Pelvic pain during pregnancy


Pelvic pain during pregnancy

Pregnancy-related pelvic girdle pain is one of the most common causes of lower back and pelvic pain in pregnancy, affecting about 1 in 5 Australian mothers.[1] Our women’s health specialist at Lane Cove Physio is an expert at diagnosing and treating pelvic girdle pain before, during and after pregnancy.

What is pelvic girdle pain?

Pelvic girdle pain refers to musculoskeletal conditions affecting the sacroiliac joints, symphysis pubis and surrounding ligaments and muscles.

Pelvic girdle pain used to be known as symphysis pubis dysfunction and is often seen in the second or third trimester of pregnancy, more commonly in women with a history of prior lower back or pelvic pain.

What does pelvic girdle pain feel like?

Your pelvic girdle is a ring of bones around the base of your spine and when the three joints in your pelvis work together normally, they only move slightly. Pelvic girdle pain is usually caused by the joints moving unevenly, which can lead to the pelvic girdle becoming less stable and more painful.

When asked to locate their pain, many women will point to their entire pelvic area rather than point to a single source of pain. Different women have different symptoms, and in some women pelvic girdle pain is worse than in others.

You might experience pelvic girdle symptoms in one or more of the following ways:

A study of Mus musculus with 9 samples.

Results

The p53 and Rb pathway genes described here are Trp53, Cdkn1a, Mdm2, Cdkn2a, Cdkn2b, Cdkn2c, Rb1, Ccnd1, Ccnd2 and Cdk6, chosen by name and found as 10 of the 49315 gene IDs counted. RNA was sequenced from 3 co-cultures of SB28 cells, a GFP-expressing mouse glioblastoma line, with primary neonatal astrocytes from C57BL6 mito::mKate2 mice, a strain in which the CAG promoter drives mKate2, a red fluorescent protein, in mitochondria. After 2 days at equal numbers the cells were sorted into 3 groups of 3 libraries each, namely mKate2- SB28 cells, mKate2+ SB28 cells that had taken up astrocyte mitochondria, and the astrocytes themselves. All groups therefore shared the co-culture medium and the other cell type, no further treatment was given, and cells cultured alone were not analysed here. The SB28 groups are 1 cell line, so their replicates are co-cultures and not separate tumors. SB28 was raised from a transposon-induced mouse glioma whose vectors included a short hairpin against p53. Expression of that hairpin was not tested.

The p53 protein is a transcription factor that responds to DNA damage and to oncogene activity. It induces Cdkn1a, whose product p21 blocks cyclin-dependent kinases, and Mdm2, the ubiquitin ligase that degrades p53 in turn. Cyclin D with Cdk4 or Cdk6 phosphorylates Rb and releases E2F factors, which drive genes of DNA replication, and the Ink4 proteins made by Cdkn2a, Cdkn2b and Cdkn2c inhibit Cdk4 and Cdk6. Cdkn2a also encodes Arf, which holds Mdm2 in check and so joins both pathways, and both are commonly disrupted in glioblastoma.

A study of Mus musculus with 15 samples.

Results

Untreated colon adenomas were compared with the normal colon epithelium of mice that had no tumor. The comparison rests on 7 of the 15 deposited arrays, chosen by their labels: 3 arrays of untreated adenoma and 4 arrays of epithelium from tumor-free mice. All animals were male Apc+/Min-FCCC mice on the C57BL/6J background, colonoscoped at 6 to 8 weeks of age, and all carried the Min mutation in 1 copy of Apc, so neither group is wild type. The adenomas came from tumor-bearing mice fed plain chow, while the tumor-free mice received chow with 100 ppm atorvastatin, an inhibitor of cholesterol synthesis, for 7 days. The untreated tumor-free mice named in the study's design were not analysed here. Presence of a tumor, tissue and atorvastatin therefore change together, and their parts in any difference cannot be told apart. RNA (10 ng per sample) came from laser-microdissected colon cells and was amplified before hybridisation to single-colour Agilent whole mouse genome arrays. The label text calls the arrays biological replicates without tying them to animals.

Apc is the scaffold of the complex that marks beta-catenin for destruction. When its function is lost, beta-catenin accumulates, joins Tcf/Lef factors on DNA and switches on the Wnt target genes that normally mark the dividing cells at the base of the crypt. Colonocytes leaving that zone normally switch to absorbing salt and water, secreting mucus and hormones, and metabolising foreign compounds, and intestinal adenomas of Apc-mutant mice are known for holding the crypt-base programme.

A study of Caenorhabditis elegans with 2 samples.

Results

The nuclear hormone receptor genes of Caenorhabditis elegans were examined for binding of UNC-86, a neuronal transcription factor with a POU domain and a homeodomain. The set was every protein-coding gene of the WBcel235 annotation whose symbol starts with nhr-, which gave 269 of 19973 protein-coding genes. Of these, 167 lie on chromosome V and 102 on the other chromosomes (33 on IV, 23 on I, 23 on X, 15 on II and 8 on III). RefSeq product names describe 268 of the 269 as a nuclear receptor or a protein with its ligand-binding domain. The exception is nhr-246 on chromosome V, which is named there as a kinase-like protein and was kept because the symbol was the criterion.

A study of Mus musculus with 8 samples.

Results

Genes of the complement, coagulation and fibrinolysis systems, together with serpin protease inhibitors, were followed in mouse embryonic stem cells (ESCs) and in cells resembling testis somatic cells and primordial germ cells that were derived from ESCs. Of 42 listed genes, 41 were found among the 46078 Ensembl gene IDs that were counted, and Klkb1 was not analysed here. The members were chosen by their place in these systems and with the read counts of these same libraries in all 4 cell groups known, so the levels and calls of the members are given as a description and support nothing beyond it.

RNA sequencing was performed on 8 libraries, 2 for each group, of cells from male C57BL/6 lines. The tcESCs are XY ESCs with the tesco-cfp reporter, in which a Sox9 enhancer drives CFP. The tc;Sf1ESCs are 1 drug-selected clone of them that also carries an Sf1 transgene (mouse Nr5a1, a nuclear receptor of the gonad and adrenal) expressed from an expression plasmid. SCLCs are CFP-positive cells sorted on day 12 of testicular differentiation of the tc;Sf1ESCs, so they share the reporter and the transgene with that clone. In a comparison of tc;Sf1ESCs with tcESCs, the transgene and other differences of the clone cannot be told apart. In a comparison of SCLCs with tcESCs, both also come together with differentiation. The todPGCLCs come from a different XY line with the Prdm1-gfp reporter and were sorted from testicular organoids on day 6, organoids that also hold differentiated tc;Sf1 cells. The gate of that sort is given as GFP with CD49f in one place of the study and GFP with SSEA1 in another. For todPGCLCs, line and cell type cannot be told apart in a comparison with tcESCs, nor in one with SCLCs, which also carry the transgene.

• pain in the pubic region, radiating to the lower back, hips, groin, thighs or knees
  • clicking or grinding in the pelvic area
  • sharp pain when you are walking, climbing stairs or turning over in bed

Early diagnosis and treatment can relieve your pelvic girdle pain.

Pelvic girdle pain is not something you just have to put up with until your baby is born. As your baby grows in the womb, the extra weight and the change in the way you sit or stand can put more strain on your pelvis, exacerbating symptoms.

A women’s health physio will be able to suggest the right treatment for your needs and the safety of your baby. This may include:

  • advice on avoiding movements that may be aggravating the pain
  • exercises that strengthen your abdominal and pelvic floor muscles and can help relieve your pain and allow you to move around more easily.
  • manual therapy to gently mobilise the joints and help them move normally again. This should not be painful.
  • warm baths, or heat or ice packs
  • acupuncture or dry needling. Women receiving acupuncture or physiotherapy reported less intense pain in the morning or evening than women receiving usual antenatal care[2]

Aquatic natal classes are a specialty of Lane Cove Physio and have many benefits for women during pregnancy, whether they are experiencing pelvic girdle pain or not.

Hydrotherapy treatment for pelvic pain during pregnancy is safe at any stage under the guidance of a women’s health physio and your GP.

The outcomes for women with pelvic girdle pain who seek treatment during pregnancy are good, with 9 out of 10 of women reporting most symptoms subside after about 3 months of giving birth.[3]

However, pelvic girdle pain frequently recurs in subsequent pregnancies, with the painful symptoms no less painful.

To make a booking for an assessment or consultation with our women’s health physiotherapists, feel free to contact us on (02) 9428 5772 and we will do our best to answer all your questions and provide you with an appointment time.


[1] Chou LH, Slipman CW, Bhagia SM, Tsaur L, Bhat AL, Isaac Z, et al. Inciting events initiating injection-proven sacroiliac joint syndrome. Pain Med 2004;5(1): 26e32.

[2] Pennick V & Young G (2007) Interventions for preventing and treating pelvic and back pain in pregnancy. Cochrane Database Sys Rev 2007 Issue 2. Art. No.: CD001139.

[3] Bennis S, Rho M, Fitzgerald F. Rehabilitation of the pregnant and postpartum patient with pain. In: Mitra R, ed. Principles of Rehabilitation Medicine. New York: McGraw-Hill; 2019:673–696.